Preparing for winter weather shouldn’t be something you underestimate. When winter brings hazardous inclement weather, being ready for the cold temperatures and signature precipitation of this season involves more than dressing properly, scraping ice off your car windshield, and salting your sidewalk. If you want to prepare yourself for whatever winter throws your way, familiarize yourself with what you can expect from winter precipitation.
Understanding the Types of Winter Weather
You might think winter weather is all about snow, but wintry precipitation takes many forms. In addition to snowstorms, you could see ice, sleet, and freezing rain. Compared to the previous three types of precipitation, snow is the softest, fluffiest kind of winter precipitation, although you may not agree when you’re trying to navigate three-foot-tall drifts.
So what happens when conditions are not favorable for snow? You might receive any of the following forms of precipitation:
- Rain, liquid precipitation that falls when conditions are too warm for snow
- Freezing rain, precipitation that falls as a liquid but freezes into a glaze upon contact with cold ground or cold surfaces
- Sleet, solid grains of ice created by the freezing of raindrops or refreezing of large melted snowflakes before reaching the ground
Unraveling the Many Forms of Snow
Snow is the most recognizable weather characteristic of winter. This simple substance, however, can take on many forms. For the most part, snow can fall into several categories, including the following:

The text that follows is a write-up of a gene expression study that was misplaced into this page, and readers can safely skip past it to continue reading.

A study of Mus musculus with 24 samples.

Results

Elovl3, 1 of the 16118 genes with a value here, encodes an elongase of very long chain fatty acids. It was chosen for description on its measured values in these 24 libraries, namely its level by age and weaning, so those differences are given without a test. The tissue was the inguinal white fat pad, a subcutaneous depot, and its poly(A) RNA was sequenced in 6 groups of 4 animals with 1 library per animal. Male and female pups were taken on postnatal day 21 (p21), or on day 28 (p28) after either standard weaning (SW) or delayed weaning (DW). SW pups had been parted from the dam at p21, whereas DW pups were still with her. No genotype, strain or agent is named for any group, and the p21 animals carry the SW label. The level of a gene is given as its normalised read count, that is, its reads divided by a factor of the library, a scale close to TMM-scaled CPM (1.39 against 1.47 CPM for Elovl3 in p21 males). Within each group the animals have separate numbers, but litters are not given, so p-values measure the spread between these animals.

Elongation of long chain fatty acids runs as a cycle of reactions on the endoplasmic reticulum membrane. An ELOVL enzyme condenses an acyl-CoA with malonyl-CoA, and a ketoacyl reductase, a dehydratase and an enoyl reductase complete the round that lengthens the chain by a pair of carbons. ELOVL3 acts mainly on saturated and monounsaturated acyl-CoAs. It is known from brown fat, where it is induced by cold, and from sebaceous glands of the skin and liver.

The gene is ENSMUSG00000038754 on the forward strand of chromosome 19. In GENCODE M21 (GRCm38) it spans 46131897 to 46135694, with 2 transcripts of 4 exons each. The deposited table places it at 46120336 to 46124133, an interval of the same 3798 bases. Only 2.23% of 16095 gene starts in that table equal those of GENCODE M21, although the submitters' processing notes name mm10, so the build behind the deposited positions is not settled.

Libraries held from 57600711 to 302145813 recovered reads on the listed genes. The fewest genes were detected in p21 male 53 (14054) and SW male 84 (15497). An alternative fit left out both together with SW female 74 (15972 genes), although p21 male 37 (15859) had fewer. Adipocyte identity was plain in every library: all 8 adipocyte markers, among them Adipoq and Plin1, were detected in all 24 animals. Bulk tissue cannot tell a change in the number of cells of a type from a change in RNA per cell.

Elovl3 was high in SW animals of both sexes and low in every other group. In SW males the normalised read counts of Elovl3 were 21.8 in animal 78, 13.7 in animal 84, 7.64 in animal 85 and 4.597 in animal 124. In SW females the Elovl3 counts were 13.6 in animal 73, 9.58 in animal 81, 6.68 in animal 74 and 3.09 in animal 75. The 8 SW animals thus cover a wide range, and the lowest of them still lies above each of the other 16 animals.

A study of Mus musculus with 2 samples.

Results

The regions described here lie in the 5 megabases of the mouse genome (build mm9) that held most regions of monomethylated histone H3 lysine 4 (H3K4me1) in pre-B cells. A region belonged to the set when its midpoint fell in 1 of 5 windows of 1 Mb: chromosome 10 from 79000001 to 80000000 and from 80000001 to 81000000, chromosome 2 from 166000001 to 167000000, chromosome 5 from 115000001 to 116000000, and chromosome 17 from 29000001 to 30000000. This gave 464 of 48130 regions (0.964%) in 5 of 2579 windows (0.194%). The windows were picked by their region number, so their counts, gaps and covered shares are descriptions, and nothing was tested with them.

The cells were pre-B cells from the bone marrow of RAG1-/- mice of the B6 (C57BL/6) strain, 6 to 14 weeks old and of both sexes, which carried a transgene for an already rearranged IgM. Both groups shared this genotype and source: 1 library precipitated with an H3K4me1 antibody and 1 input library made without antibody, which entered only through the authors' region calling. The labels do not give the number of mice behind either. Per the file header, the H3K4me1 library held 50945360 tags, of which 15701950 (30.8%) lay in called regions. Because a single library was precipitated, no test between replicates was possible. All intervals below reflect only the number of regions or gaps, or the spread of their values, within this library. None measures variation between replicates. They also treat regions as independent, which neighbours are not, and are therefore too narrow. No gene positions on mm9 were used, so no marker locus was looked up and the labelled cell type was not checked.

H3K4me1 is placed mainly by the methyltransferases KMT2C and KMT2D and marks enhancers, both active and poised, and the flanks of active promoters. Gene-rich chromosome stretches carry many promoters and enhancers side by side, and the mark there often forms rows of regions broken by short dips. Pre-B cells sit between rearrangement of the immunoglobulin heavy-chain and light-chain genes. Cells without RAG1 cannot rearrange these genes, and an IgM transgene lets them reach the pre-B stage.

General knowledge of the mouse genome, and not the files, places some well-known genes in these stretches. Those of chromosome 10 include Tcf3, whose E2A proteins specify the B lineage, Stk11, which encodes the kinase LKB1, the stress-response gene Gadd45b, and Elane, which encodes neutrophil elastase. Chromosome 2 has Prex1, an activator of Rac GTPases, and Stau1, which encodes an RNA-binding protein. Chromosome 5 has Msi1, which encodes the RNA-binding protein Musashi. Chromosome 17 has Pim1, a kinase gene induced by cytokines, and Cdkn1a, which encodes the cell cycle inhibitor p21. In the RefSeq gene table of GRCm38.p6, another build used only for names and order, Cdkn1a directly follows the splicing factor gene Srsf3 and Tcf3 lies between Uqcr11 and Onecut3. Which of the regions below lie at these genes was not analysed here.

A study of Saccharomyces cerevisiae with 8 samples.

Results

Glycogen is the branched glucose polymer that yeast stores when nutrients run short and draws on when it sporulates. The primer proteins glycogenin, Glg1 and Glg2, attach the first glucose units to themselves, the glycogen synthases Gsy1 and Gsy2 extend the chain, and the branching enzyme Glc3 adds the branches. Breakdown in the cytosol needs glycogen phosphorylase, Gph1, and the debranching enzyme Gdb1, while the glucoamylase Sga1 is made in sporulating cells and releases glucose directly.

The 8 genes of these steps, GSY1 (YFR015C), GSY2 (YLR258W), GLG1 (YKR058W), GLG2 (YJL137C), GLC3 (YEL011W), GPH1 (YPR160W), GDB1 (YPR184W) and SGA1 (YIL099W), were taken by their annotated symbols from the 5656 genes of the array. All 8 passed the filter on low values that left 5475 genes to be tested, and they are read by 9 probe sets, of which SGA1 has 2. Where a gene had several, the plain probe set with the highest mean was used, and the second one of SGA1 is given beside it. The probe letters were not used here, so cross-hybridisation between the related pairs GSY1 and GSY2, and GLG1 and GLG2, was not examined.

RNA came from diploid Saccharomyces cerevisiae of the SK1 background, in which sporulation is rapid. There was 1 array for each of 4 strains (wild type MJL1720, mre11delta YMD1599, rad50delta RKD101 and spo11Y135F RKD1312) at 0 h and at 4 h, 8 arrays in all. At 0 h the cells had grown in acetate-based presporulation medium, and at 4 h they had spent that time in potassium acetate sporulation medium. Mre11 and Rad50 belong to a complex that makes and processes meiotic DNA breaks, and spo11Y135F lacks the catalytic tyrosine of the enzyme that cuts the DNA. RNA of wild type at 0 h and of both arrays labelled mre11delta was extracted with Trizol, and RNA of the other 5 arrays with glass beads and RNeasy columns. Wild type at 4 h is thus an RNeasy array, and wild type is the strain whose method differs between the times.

- Snow flurries, light snow falling for short periods of time with little to no accumulation
- Snow showers, snow falling at different intensities over short periods with some type of accumulation
- Snow squalls, short but intense snow showers usually accompanied by high winds with significant accumulation
- Blowing snow, snow generally driven by the wind, resulting in reduced visibility and drifting snow
- Blizzards, snowstorms categorized by winds speeds of 35 mph or more and considerable falling and blowing snow with visibility of less than one-quarter mile for three or more hours
Understanding Ice Storms
Ice storms are also common in winter. To qualify as an ice storm, at least one-quarter inch of ice must accumulate on any exposed surfaces. Understandably, treacherous icy patches can create unsafe walking and driving conditions, particularly since power lines, trees, and tree branches can fall from heavy ice accumulations.
Lake effect storms occur around lakes and other bodies of water as dry, cold air masses move over these areas. The air picks up moisture from the lakes, and the liquid precipitation eventually becomes snow.
The more you know about the various winter storms, the more you can prepare yourself. Regardless of what winter weather comes your way, General Services Corp., GSC, is your first line of defense against winter weather. No matter what type of precipitation falls, GSC’s service professionals will be ready to clear your property. When winter weather gets serious, call us at 303-442-7747. Snow removal and winter weather are not a sideline with us.